The school break is fast approaching. No doubt you’ve already started planning some fun and engaging activities to do with the kids. It’s a long summer, so you might be struggling to fill all the time you have. Why not take on a fun DIY project with your children? It’s a great way to teach them some practical skills, and it will definitely fill the gap!
You might choose to make a cool club house at the bottom of the garden. Or maybe you’re going to finally get around to building that toy box for the playroom? These are all brilliant projects that your kids will definitely want to get involved with. Beyond picking the colors and patterns, they’re likely to want to help with the assembly too. How much you let them do is down to you. Their age may make you restrict some of the activities needed.
Start with a VERY detailed plan. The more details that go into each task needed, the better equipped you’ll be to help your child complete it. Sharp tools are only dangerous when you’re not careful, equipped or knowledgeable about the dangers. Your kids will be using these things eventually. Even if you’re not letting them loose with a saw this summer, invite them to watch and clearly explain what the dangers are.
Make sure you’re all wearing your safety-gear. Websites like http://comfortworkboots.com can provide the footwear you’ll need. With little ones around, you may be at risk of more accidents, so wear all the gear you can. If you don’t have goggles or appropriate footwear and gloves for the kids, keep them out. It’s not worth the risk. If you have more than one child around while you’re operating sharp, powered, or heavy machinery, make sure another adult is there to watch them too.
Your kids will probably be interested in the whole process. You might have a design ready to go. You may even have a flat pack that you plan to use. That doesn’t mean you can’t get together and sketch some ideas. Talk about the dimensions and scale. Handy maths for school! Have a look at websites like https://www.mathworksheets4kids.com/ for more ideas. Talk about protecting the wood and the tools in bad weather. Definitely discuss the rules of behavior on your building site!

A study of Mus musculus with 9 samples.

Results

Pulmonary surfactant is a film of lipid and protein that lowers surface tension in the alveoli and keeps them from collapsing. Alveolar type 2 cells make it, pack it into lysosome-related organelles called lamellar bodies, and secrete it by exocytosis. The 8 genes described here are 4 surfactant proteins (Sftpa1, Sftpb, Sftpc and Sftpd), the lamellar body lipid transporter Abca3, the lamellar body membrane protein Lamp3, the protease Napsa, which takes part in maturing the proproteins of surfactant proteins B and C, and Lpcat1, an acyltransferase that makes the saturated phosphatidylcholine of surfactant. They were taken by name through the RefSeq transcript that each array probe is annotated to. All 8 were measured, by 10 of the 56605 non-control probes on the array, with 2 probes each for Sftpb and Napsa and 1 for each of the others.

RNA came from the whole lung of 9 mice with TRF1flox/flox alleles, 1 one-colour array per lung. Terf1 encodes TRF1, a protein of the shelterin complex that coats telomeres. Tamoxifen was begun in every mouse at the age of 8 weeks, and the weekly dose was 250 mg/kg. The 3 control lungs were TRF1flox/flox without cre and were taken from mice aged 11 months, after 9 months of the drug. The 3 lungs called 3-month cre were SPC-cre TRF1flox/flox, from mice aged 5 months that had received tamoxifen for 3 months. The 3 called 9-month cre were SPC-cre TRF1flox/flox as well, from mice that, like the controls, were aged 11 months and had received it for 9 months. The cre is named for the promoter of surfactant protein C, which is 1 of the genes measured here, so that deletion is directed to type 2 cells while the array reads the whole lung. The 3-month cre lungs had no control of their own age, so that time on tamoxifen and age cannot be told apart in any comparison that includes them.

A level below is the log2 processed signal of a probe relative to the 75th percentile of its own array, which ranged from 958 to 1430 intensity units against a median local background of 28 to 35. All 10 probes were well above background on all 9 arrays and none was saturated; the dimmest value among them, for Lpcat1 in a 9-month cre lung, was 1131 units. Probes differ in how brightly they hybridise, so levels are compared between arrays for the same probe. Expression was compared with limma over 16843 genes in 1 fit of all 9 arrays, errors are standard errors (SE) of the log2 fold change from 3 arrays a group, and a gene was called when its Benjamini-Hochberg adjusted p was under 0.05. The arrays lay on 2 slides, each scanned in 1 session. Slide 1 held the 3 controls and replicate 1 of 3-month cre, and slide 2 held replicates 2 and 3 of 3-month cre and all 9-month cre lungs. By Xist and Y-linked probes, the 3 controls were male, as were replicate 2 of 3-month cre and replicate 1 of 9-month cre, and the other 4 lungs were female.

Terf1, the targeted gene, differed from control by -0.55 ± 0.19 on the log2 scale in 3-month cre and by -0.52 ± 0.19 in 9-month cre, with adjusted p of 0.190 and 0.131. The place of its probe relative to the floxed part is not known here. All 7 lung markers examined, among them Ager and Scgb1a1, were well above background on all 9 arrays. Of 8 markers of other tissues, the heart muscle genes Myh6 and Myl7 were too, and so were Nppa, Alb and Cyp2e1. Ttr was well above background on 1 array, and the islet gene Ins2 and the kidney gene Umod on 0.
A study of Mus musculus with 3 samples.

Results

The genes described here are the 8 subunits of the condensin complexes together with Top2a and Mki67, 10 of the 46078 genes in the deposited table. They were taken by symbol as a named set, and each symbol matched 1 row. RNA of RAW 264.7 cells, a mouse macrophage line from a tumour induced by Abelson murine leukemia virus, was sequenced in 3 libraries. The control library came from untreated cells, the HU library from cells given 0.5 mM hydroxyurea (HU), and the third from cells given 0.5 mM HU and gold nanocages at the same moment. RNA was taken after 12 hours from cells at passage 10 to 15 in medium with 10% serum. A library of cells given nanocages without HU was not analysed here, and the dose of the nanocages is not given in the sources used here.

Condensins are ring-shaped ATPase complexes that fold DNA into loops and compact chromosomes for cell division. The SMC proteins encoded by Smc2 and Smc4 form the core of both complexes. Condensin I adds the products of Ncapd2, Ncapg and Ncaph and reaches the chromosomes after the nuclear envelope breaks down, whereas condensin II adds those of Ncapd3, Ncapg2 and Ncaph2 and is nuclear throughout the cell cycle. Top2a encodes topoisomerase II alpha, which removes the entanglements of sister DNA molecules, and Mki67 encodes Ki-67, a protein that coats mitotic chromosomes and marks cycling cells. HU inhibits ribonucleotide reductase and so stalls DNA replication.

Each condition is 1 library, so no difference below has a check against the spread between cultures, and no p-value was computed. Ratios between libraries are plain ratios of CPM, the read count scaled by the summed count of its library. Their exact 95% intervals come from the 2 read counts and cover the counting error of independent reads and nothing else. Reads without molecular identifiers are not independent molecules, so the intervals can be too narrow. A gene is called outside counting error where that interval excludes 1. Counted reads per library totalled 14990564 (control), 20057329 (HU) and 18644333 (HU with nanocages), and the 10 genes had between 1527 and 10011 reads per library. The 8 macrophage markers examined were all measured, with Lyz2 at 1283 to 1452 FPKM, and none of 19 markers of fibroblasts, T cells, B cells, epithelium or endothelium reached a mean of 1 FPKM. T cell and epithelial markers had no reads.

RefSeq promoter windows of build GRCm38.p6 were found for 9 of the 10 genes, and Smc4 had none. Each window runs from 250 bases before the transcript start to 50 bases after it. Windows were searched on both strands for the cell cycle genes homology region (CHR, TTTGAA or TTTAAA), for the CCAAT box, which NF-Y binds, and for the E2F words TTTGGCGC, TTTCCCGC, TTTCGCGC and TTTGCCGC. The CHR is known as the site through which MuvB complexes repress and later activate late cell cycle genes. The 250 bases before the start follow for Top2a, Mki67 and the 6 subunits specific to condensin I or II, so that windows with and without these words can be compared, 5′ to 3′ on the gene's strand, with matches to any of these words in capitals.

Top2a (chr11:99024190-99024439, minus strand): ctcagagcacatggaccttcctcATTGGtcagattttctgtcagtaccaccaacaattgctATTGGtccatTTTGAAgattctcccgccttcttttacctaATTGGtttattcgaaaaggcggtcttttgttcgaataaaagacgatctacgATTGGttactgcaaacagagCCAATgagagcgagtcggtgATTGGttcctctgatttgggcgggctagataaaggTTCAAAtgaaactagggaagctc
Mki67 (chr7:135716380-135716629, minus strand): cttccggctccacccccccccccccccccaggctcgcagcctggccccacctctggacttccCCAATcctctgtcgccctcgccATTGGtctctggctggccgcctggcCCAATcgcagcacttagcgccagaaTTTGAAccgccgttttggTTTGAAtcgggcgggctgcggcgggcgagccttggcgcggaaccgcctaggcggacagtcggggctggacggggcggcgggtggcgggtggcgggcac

Once it is ‘designed’ you can discuss all the different parts you need. If you’re making them or cutting them yourself, ask your kids to help you identify where they need to go. Shape manipulation and sorting is another handy skill for them. Of course, rough edges can lead to the odd cut and splinter. Give them gloves, or ask them to stand back while you move the things yourself.
A project like this helps you to teach measuring, hammering, screw assembling, affixing, painting and more. You can choose how much the kids do themselves, but be prepared for very slow and patient progress. It’s about the quality time you spend together after all. Even if you can’t complete it, valuable lessons can be learned. What will you build?